Free Range Slacks x2

by Meghan Fowler

I wanted to make myself some comfy, loose-ish, interesting, light-weight pants this summer. So when Sew House Seven released their Free Range Slacks pattern I was ALL OVER IT because, guys, they’re called SLACKS! How could I resist?! Who doesn’t want to wear slacks?! No one, that’s who. As one of my (many) personal mottos goes: Life’s too short to wear uncomfortable clothes.

Life’s too short to wear uncomfortable clothes.

Since buying the pattern I’ve made two pairs; one of the wide leg version, and one of the tapered. Here are the details:

Pair one: Wide Leg version (V2 on the pattern).

  • Made with rust-coloured linen from Fabricland.
  • Size 6.
  • Mods: Shortened the rise by 1” (didn’t need to, in retrospect)

Reflections: I fashioned my first pair from a beautiful, drapey, rust-coloured linen. I love the length for wear in the warmer months (and with warm socks and my trusty Blundstones I was able to push their use pretty far into our cool Canadian fall). I made the first pair in the wide-leg version of the pattern, and made them in a size 6. My measurements are 35,30,38 (38 being the biggest part of my bum/hip region). I actually find them a tiny bit too loose, in part because the linen has some natural give to it, and in part because I think I should have sized down a bit. I also shortened the rise by 1” and didn’t need to. I have this idea that I have a short rise, but maybe I don’t really!

Conclusion: Love. Wish they were a touch more snug, but they have quickly become a staple and I can’t wait until it warms up in the northern hemisphere so I can wear them non-stop again.

Pair two: Tapered Leg version (V1 on the pattern).

  • Made with mystery probably-wool-blend-fabric from a Salvation Army thrift store.
  • Size 4.
  • Mods: Shortened the rise by ½” this time (but again, didn’t need to!)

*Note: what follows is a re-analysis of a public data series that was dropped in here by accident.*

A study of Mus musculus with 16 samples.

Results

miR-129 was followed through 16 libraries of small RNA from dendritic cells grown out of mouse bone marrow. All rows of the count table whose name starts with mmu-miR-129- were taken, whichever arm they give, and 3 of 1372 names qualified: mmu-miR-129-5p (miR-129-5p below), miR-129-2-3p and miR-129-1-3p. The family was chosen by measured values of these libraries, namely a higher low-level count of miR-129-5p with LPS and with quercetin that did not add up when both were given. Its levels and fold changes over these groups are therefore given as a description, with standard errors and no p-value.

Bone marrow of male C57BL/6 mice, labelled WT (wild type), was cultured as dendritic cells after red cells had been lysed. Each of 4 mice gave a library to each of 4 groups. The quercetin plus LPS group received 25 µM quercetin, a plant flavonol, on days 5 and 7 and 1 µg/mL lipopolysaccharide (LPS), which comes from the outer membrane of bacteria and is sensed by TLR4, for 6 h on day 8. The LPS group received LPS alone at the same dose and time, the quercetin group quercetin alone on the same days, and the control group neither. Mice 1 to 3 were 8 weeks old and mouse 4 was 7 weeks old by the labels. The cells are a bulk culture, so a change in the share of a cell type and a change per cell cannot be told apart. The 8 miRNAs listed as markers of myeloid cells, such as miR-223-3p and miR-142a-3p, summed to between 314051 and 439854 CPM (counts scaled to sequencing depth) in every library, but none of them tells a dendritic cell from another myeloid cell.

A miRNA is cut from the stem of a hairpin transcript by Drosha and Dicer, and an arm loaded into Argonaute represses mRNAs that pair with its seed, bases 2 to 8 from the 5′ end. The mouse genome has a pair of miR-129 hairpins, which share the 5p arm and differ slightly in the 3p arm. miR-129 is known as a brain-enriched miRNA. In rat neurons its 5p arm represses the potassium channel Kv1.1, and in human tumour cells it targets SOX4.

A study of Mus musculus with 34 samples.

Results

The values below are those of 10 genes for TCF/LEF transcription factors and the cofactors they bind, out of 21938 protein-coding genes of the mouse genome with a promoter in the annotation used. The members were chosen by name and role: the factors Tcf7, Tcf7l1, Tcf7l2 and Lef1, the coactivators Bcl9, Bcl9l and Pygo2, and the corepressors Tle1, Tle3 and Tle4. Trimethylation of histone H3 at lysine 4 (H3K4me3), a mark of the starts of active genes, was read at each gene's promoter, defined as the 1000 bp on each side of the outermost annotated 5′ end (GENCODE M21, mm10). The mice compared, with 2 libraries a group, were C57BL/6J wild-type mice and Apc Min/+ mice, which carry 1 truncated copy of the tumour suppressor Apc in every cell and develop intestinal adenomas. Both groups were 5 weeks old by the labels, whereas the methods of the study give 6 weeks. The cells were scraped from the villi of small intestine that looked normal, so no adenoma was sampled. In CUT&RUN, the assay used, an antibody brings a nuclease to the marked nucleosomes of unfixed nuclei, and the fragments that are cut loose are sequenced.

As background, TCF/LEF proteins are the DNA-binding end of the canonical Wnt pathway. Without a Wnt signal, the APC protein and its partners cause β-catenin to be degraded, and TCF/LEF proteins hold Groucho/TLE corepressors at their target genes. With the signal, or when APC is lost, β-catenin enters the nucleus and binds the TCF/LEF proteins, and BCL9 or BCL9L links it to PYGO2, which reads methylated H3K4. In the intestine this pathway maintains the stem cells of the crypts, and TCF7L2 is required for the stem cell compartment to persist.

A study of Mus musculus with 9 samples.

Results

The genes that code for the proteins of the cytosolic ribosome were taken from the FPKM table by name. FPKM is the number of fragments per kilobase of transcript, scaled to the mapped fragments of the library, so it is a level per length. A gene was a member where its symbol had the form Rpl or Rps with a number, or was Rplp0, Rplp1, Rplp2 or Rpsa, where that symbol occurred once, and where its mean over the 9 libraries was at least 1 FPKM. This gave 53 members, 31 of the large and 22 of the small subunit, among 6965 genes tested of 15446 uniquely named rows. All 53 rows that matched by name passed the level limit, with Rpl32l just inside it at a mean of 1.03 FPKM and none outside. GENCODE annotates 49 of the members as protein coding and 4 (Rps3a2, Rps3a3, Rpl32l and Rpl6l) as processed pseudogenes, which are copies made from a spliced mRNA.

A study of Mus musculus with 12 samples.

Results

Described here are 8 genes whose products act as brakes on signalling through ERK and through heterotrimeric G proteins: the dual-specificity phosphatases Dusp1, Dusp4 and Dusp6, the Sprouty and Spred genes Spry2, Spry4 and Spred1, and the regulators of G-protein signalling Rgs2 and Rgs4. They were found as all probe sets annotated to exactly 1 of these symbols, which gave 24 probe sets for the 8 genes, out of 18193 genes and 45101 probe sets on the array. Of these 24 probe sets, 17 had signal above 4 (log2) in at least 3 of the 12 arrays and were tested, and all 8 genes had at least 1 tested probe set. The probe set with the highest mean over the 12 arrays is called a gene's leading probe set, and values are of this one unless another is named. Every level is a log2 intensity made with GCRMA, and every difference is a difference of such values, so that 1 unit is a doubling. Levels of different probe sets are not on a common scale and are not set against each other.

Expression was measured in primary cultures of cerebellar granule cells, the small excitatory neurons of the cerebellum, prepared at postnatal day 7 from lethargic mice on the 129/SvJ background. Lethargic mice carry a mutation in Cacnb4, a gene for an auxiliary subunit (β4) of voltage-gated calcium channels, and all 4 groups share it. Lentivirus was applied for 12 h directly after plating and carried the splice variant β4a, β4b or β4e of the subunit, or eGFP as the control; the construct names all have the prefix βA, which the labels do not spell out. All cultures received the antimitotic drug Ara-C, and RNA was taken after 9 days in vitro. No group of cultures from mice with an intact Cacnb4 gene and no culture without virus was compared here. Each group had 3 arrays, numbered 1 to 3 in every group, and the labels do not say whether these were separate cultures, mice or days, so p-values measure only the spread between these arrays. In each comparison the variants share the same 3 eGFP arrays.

flat felled seams!!!!!

Reflections: I wanted to make my second pair of Free Range Slacks for cold-weather wear. I had found a soft and heavy-ish fabric at the thrift store last year and designated it for this project. I’m *pretty sure* it’s a wool blend, but that’s the thing about thrifted fabric: It’s a bit of a crap-shoot. For this pair of slacks I opted to make the tapered version, and I added a couple inches to the length so I could wear them with ankle boots. This time I sized down and made them in a size 4, and the final product fit me pretty nicely, but this fabric has basically zero give, so sometimes I feel them pull (if I squat or something). So if you make these, consider the way your fabric will behave when you choose your size.

I feel like Goldilocks here, with my first try a touch too big and the second a touch too small! Truthfully I am probably exactly between sizes, so a size 5 would probably fit me JUST RIGHT.

french seams prettying up the inside bottom hem zone!

I learned how to flat-fell seams and that was a real trip! Actually, it was a bit intimidating at first but the instructions were clear and one-step-at-a-time I DID IT. I felt pretty great after! And a local sewing pro checked out my seams and encouraged me that I had done a clean job. What a nice affirmation! And even though I can see errors on it, they are the marks of me learning and growing, so I’m proud of them. There’s an option in the pattern to do French seams up the first several inches of the pant bottom (interior) so that they look pretty when rolled up. I opted to do that and I love the look.


What I love about this pattern:

  • Sew House Seven includes both a body measurement AND a finished garment measurement chart!! I find this SEW helpful. For real.
  • The details – like the flat felled seams and the internal French seams on V1 (the tapered version), the side panels and the beautiful reinforcing stitches along the legs (both versions) are really well articulated and make for a beautiful finished product. I feel so proud of myself each time I complete a SH7 pattern thanks to the care to detail and the challenge those details present me as a very-not-pro sewist!
  • It’s versatile! It can accommodate a variety of fabrics and can be modified easily for different body types and different style/fit preferences.

There you have it, folks! I’m pretty sure there will be more Free Range Slacks in my future. This is a great pattern!